The Lives of the Poets

Photo Credit: Vintage Typewriter [And they lived happily ever after...] by Theresa ThompsonI always feel a bit queasy when reading biographies and it's not just the voyeur's remorse. Maybe it's because biographies invariably remind me that my heroes could be petty and neurotic and boring and prone to eating tuna straight out of the can standing over the kitchen sink. Or maybe it's because I can't help thinking that all this sturm und drang, this tangled string of decisions and indecisions, this strange and messy stuff that is human existence cannot be (or at least should not be) cranked out at forty-five words a minute then bound and gagged between hardcovers. Real lives generally don't have narrative arcs.

Yes, lives technically do have beginnings, middles and ends, but they very rarely follow the three act format in the way biographers want them to. It's a sad but undeniable fact that most lives are essentially plotless.

That being said, writing an entertaining biography of a poet is a hard nut to crack given the fact that much of a writer's life is spent in a squalid little room staring out the window. Unless that window looks out upon the French Revolution, say, or a piranha-infested swimming hole only a biographer with serious chops can make such a life compelling.

A good biography mines that seam between hagiography and hatchet job. --Adolphe Menjou

The best biographies are the ones whose subjects are ciphers--people with a interesting kink or two. When we read a biography we are looking for answers to essentially unanswerable questions: What tune drove the weird and violent waltz that was the Plath/Hughes marriage? What in their wiring allowed two painfully repressed and stunted human beings like Emily Dickinson and T. S. Eliot to reinvent poetry? What are we to make of the short, explosive career of Arthur Rimbaud? Underpinning all those questions is another one: Where does the spark of genius come from, and how can we get our hands on it? it's not that we expect to get definitive answers; we read biographies to see how the biographer shapes a life. Even if we know that biography is just as much a work of imagination as fiction, we want to see a life as a whole. We want to see a life rendered as a story because it gives us hope that there is meaning in our own haphazard stumbling into the unknown.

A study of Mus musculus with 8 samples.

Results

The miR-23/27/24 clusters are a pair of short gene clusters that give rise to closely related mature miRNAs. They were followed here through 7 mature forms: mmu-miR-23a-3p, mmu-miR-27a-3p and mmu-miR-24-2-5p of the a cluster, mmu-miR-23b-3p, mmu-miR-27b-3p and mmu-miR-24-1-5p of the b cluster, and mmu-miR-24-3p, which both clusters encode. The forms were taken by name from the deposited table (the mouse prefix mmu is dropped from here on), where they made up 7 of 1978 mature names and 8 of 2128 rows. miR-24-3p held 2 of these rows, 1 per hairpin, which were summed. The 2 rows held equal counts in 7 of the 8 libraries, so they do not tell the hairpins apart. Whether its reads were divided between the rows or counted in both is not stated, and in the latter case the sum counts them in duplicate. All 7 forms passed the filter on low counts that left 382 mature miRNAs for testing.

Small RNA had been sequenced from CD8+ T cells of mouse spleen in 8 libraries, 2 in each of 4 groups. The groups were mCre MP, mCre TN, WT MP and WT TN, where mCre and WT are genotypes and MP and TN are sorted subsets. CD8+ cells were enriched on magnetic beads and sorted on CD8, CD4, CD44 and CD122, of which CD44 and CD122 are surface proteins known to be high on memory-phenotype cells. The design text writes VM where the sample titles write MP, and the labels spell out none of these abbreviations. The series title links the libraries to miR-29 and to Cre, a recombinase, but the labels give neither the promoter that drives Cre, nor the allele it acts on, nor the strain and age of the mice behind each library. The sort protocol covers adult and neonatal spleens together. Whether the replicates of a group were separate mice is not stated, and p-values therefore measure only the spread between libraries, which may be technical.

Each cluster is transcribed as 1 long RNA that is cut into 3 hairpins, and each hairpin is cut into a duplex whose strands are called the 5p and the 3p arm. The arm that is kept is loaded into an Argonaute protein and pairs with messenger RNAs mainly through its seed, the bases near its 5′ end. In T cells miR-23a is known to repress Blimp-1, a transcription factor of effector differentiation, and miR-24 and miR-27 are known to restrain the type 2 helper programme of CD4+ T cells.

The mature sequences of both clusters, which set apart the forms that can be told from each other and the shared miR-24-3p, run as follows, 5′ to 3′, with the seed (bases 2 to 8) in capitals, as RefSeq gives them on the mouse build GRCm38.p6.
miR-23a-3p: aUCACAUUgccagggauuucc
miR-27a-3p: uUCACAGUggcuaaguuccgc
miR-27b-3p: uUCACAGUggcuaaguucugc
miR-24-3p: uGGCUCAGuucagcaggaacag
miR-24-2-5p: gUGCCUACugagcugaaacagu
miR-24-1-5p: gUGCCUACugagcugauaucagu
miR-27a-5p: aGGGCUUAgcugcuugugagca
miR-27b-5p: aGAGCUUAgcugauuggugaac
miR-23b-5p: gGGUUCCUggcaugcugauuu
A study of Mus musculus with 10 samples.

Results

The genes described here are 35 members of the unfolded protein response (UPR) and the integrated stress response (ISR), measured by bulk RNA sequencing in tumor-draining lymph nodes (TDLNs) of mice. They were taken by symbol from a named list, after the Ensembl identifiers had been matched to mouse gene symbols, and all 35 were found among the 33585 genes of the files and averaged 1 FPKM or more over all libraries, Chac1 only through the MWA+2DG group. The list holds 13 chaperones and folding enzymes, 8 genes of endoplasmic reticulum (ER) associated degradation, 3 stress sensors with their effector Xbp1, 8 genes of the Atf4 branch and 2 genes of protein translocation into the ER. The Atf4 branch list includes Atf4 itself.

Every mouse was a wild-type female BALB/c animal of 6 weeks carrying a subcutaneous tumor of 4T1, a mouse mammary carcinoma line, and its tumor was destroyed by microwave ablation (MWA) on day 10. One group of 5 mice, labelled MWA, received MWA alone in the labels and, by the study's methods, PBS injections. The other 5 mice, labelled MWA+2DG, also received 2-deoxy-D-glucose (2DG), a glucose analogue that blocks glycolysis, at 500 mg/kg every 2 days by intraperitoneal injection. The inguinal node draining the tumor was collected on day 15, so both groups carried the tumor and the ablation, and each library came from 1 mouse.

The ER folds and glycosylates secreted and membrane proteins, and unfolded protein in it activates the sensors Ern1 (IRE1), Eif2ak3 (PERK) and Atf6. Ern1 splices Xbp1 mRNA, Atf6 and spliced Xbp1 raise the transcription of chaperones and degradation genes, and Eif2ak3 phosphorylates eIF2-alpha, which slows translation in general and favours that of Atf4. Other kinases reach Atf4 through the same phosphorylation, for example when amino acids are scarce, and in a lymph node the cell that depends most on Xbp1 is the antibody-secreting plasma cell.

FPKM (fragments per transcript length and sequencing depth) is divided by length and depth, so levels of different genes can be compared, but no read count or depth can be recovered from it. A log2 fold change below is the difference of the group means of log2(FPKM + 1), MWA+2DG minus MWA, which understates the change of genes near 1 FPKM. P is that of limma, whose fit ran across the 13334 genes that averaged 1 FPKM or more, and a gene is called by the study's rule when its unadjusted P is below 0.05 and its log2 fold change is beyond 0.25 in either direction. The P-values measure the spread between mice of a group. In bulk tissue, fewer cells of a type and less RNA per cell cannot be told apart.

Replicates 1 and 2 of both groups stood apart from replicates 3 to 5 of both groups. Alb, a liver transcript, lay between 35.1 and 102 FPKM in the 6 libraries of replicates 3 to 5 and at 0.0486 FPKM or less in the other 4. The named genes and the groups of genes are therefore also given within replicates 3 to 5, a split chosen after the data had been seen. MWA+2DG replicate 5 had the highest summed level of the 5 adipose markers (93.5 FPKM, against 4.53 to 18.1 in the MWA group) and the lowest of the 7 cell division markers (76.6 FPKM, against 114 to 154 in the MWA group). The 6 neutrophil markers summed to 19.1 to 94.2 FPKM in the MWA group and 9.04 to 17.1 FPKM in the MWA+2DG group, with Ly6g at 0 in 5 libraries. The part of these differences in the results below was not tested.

Below are a few biographies of poets in the collection of Harris County Public Libraries.

A Place to Stand: The Making of a Poet/ Jimmy Santiago BacaCover Art: Mistress Bradstreet
The Stranger from Paradise: a Biography of William Blake / G.E. Bentley, Jr.
Mistress Bradstreet: The Untold Life of America's First Poet / Charlotte Gordon
Bukowski: Born into This / Produced & Directed by John Dullaghan [DVD]
Byron in Love / Edna O'Brien
Loaded Gun: Life and Death and Dickinson / PBS-Independent Lens [website]
White Heat: the Friendship of Emily Dickinson and Thomas Wentworth Higginson/ Brenda Wineapple
T. S. Eliot: The Making of an American Poet, 1888-1922 / James E. Miller
Ted Hughes: The Life of a Poet / Elaine Feinstein
Vladimir Mayakovsky / Poseidon Films [DVD]Cover Art: Anne Sexton: A Biography
Savage Beauty: The Life of Edna St. Vincent Millay / Nancy Mitford
Charles Olson's Reading / Ralph Maud [eBook]
Sylvia Plath: Method and Madness / Edward Butscher
Ezra Pound: Poet, A Portrait of the Man and his Work, Vol 1 / A. David Moody
Anne Sexton: A Biography / Diane Wood Middlebrook
Poet Be Like God: Jack Spicer and the San Francisco Renaissance / Lewis Ellingham [eBook]
The Trials of Phillis Wheatley: America's First Black Poet and her Encounters with the Founding Fathers / Henry Louis Gates, Jr.

Here is where I usually ask for topic suggestions, but today I'm begging. Please, send anything you've got and I'll give it a go. Otherwise, I'll be forced to post that four part disquisition on The Song of Hiawatha that I wrote in the midst of fever delirium.
Photo Credit: Untitled (They lived happily ever after...) by Theresa Thompson



You run an excellent blog,

You run an excellent blog, sir! I'm admittedly... [sorry, I had to go and look up how to spell admittedly]... not much of a fan of poetry for some reason, but reading your thoughts, comments, reflections and imagery concerning it are always enjoyable. Lofty thoughts mixed with humble realizations and very good humor. You make a difficult topic [for me, anyway] very approachable, and I always look forward to reading your observations. So, Thanks! Possible topics? [unless they're all too over-done and common]: -humor in poetry? [unless you've already done it and I've forgotten] -Best poetry for kids? [that nurtures them towards the good stuff. Summer Reading Program, you know]? -Favorite poets discovered by tweens and teens when they first start hungering for more serious in-depth works? -science fiction poetry?

Thanks for the kind words and

Thanks for the kind words and the suggestions. I did do a post on light verse awhile back but it kind of devolved into a discussion of accessible/popular poetry versus more challenging stuff, so that might be worth revisiting. I've definitely been running scared from both the children's and teen/tween topics. I just don't know that much about them... (but come to think of it, that's never stopped me before). Will try to put something together.

Your fellow readers owe you a round of huzzahs, having saved the world (for the time being) from my discussion of the dialectic of hegemony in The Song of Hiawatha.